Tuesday, December 31, 2013

More compassion for the ailing in 2014?

As I sit enjoying my first cuppa on the last day of the year, I'm reflecting on the huge challenges ahead for HUMANITY FOR PRISONERS. And some of the biggest challenges we face involve sickness and death.

Matt and I are reviewing the statistics for 2013, but a cursory glance at the daily log shows us that health issues are a dominant theme.

In short, here's what we're aiming for in the new year: better health care for ailing and injured inmates; more compassionate releases for prisoners with terminal illnesses; and, some form of hospice care for those who are dying and who do not get released to their families and loved ones.

Throughout the year we have heard terrifying stories of lack of proper care for prisoners who were afflicted with various illnesses, or who were injured either accidentally or intentionally. It is not uncommon, for example, to receive reports that medications have been taken away from prisoners...especially pain meds. We're the first to agree that there can be abuse. Some people with no moral character are not above faking pain, hoping to get narcotics. But one doesn't have to be an MD to tell when an ailing or injured person is in pain. Inmates tell of a young man who died of an asthma attack after his inhaler was taken away.

Throughout the year we found a callousness among Michigan Parole Board members when it came to compassionate releases. A woman who died of cancer in the Huron Valley infirmary had no business being there. She should have been home with those closest to her. A man in the Thumb Facility who died of lung cancer was the perfect example of heartless PB decisions. A request for a compassionate release was denied last year...another was denied this year. He died alone, behind bars. I could go on and on, but you get the picture.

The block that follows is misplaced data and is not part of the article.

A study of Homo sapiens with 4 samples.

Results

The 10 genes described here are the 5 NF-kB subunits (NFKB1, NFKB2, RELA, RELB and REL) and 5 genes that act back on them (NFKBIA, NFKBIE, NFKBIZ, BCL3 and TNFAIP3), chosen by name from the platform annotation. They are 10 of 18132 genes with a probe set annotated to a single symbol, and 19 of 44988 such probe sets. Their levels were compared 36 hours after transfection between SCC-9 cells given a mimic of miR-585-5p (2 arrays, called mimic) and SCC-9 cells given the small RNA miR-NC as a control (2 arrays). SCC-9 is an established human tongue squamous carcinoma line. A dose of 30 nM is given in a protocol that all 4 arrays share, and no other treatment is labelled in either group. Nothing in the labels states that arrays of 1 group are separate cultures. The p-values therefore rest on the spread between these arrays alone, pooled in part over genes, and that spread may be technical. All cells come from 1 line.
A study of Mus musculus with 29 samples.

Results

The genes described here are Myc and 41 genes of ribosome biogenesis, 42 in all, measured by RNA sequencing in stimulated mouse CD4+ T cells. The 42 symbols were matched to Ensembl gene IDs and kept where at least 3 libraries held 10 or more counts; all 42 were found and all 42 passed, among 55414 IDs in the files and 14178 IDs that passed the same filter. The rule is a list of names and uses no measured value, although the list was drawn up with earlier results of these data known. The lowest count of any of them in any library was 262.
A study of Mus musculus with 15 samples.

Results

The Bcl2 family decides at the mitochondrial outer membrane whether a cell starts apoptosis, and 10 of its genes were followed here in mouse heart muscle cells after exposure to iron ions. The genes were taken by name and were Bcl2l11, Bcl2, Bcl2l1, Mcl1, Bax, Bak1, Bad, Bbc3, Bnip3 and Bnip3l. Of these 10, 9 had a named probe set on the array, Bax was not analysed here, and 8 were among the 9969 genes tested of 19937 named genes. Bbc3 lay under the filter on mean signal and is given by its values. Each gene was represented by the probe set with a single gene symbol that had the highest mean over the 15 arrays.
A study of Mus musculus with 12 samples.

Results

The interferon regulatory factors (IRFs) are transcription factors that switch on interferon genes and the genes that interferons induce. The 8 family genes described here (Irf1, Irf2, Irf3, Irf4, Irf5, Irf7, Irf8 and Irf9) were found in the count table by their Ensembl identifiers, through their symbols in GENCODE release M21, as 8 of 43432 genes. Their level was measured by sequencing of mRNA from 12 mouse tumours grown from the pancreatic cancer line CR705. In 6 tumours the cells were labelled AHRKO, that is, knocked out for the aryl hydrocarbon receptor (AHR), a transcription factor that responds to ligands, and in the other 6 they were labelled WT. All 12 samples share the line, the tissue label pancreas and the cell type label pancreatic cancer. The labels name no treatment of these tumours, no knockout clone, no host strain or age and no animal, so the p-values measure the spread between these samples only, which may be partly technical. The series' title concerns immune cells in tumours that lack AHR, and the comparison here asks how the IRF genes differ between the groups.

Throughout the year we heard stories of prisoners who died behind bars who should have had more compassionate care...the kind of care that only hospice can provide. We tried to raise the issue with the prison system and the health care provider at a high-level meeting in Lansing in 2013, but it went nowhere. There seems to be a lack of concern, because hospice care is readily available to us and our families. And those people...well, they're just prisoners, and they are there for a reason.

Jesus loved prisoners, and still does. And as his representatives, we do, too. We made some strides in 2013, but you ain't seen nothin' yet!